Google already has your mind.  Now Google wants your body!


Google Health is now a live service and I’m not sure if I like the idea of Google having access to my medical records, or if I loathe the idea of Google having both my mind and body in hand.

The idea is simple:  Google wants to become your health portal.  Google Health seeks to manage your medicine, family history, and the information from your doctors. 

Do you want Google to have access to your health records?

In a quick look at the service, it looks very Googlish — but I don’t understand why I would want to add another insanely complicated health portal when my own private insurance company already offers an insanely complicated health portal.

Do two insanities make for a healthier brain?

Here are two, obvious, missing pieces in Google Health after doing simple search for a doctor in the New York City area:

1.  Is the doctor accepting new patients?  Google Health doesn’t say one way or the other.

2.  Does the doctor participate in your insurance plan?  Google Health does not offer any insurance plans detail.

What’s the point of searching for a doctor, centering on one in your area, but then having no idea if the doctor is seeing new patients or participating in your insurance?

Today, sadly, managed health care is not about finding a good doctor — it’s all about finding ANY doctor in your area that will see you and take your insurance. 

Competence and caring are no longer the prime forces driving American healthcare.  Access and payments now rule the day and rue our well-being.

Have you used Google Health yet?  If yes, what do you think of the service?  If not, will you sign up soon?

Is there any discomfort in logging in to Google to see how well your body is doing or how much more it is decaying?

8 Comments

  1. Google Health doesn’t have any advertising yet, Janna, except for their “associations” with pharmacies that will help fill your prescriptions. I guess Google must be collecting an access fee on that pharmacy end or something. So far, it’s free to use and advertising-free as well.

  2. One matter of concern: according to this article, HIPAA laws do not apply to them. While they don’t seem to have any intention of taking advantage of that, privacy with your health care information is sacrosanct and both Google and Microsoft should make it clear that they will never do anything to dishonor HIPAA.
    Another thing – as the article mentions, anyone who has ever gotten an e-mail from you could, if they get at your password, have access to all of your medical information. Not good.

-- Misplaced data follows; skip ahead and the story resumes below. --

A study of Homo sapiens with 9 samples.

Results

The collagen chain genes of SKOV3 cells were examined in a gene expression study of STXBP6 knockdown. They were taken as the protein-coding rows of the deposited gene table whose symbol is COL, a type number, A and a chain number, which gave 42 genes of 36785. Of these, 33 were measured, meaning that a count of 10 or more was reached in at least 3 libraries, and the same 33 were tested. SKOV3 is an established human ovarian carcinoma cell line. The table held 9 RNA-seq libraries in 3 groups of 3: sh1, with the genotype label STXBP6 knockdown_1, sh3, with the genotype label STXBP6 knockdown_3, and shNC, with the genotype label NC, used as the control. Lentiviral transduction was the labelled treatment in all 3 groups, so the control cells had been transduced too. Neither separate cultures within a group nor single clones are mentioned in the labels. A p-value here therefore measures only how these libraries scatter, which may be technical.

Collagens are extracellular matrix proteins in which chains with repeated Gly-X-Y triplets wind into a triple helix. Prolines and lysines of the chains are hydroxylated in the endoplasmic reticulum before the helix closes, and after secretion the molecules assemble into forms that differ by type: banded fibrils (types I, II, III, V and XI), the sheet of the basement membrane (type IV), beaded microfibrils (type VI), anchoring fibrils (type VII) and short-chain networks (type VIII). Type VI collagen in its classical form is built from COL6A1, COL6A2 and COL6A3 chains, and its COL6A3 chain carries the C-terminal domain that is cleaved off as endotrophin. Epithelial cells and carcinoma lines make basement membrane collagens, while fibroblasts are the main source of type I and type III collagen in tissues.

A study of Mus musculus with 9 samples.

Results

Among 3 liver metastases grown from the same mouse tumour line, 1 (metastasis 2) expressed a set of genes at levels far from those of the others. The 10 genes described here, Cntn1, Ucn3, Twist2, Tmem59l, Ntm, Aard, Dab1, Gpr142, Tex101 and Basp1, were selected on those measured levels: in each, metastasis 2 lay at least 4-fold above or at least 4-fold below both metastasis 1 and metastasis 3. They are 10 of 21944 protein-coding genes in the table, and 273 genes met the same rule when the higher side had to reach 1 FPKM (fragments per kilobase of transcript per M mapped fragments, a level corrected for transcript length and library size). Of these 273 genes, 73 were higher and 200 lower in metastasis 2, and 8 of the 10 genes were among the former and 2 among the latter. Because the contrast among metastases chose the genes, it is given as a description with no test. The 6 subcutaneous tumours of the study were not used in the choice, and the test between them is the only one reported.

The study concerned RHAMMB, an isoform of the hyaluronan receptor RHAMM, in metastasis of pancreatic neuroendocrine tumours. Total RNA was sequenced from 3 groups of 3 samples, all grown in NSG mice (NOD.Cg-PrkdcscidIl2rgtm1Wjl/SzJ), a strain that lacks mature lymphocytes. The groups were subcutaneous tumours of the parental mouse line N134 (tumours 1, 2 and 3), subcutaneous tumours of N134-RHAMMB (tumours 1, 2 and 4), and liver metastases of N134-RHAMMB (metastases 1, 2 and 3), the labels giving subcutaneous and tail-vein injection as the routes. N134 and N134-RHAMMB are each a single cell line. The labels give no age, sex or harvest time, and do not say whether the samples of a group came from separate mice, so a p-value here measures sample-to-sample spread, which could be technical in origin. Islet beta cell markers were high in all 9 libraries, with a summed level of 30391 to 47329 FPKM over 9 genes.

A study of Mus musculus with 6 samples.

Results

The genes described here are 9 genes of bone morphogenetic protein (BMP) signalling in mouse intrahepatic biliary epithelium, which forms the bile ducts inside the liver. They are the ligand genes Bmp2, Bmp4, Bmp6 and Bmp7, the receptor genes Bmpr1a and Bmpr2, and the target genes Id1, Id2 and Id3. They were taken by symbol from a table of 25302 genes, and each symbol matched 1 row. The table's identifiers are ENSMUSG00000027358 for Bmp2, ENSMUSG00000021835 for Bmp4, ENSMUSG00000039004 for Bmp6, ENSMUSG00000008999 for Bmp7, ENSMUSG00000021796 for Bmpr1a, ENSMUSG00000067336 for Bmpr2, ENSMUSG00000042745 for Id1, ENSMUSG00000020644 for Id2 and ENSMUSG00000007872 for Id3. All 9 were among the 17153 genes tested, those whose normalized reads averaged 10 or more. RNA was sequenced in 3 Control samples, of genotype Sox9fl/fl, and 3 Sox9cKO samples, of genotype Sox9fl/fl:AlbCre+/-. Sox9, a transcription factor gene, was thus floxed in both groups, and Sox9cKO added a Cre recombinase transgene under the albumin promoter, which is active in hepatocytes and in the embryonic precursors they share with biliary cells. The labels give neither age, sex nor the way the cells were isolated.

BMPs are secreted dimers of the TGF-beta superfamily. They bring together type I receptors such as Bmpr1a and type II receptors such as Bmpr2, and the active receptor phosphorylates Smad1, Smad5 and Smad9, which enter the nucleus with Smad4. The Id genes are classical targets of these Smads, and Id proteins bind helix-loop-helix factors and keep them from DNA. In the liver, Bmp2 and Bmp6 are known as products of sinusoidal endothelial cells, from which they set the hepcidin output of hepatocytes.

3. Thanks for the excellent points, Gordon! You’re right about HIPAA and both Google and Microsoft could voluntarily agree to abide by those privacy rules. I think this is a scary thing — much like when Microsoft tried to buy Intuit a few years ago — too creepingly close for creature comfort!

  4. It will certainly be interesting to see, arin, how this all shakes out for Google. Will people trust them with the secrets of their health? Or is there an impermeable blood-brain barrier between mind/body and the search return?

  5. No, David, I won’t be using Google health!
    But I can tell you that health providers and hospitals are all going to the electronic medical record (We just converted all our paper charts to computer-based) and I think there is capability for those systems to interact with each other and that is a scary thought!
    But in the end, providers can coordinate care much better if they have all the medical information. So that’s a good thing.
    I’d like to know which providers are participating in this Google health portal???program!
    Because providers and hospitals are very careful when releasing these records due to the HIPAA laws on privacy and it’s very tricky when you’re releasing those records to the patient directly and they start questioning those records without the presence of their doctor to answer those questions.

  6. Hi Donna!
    You’re right that there can be great danger in going virtual with our health. California, for several years, has mandated that all new medical records are digital only. Their goal is to be paperless in five years or so because that means you can always have your health records with you no matter where you are in the world. You don’t have a choice as a consumer: Your xrays, diagnostics, etc. are all virtualized. Paper is out.
    Beth Israel and the Cleveland Clinic are Google Health partners as are Walgreens, MinuteClinic (previously reviewed here!), Longs Drugs, Medco and Quest Diagnostic.
    The Cleveland Clinic test was so popular they had to turn away patients!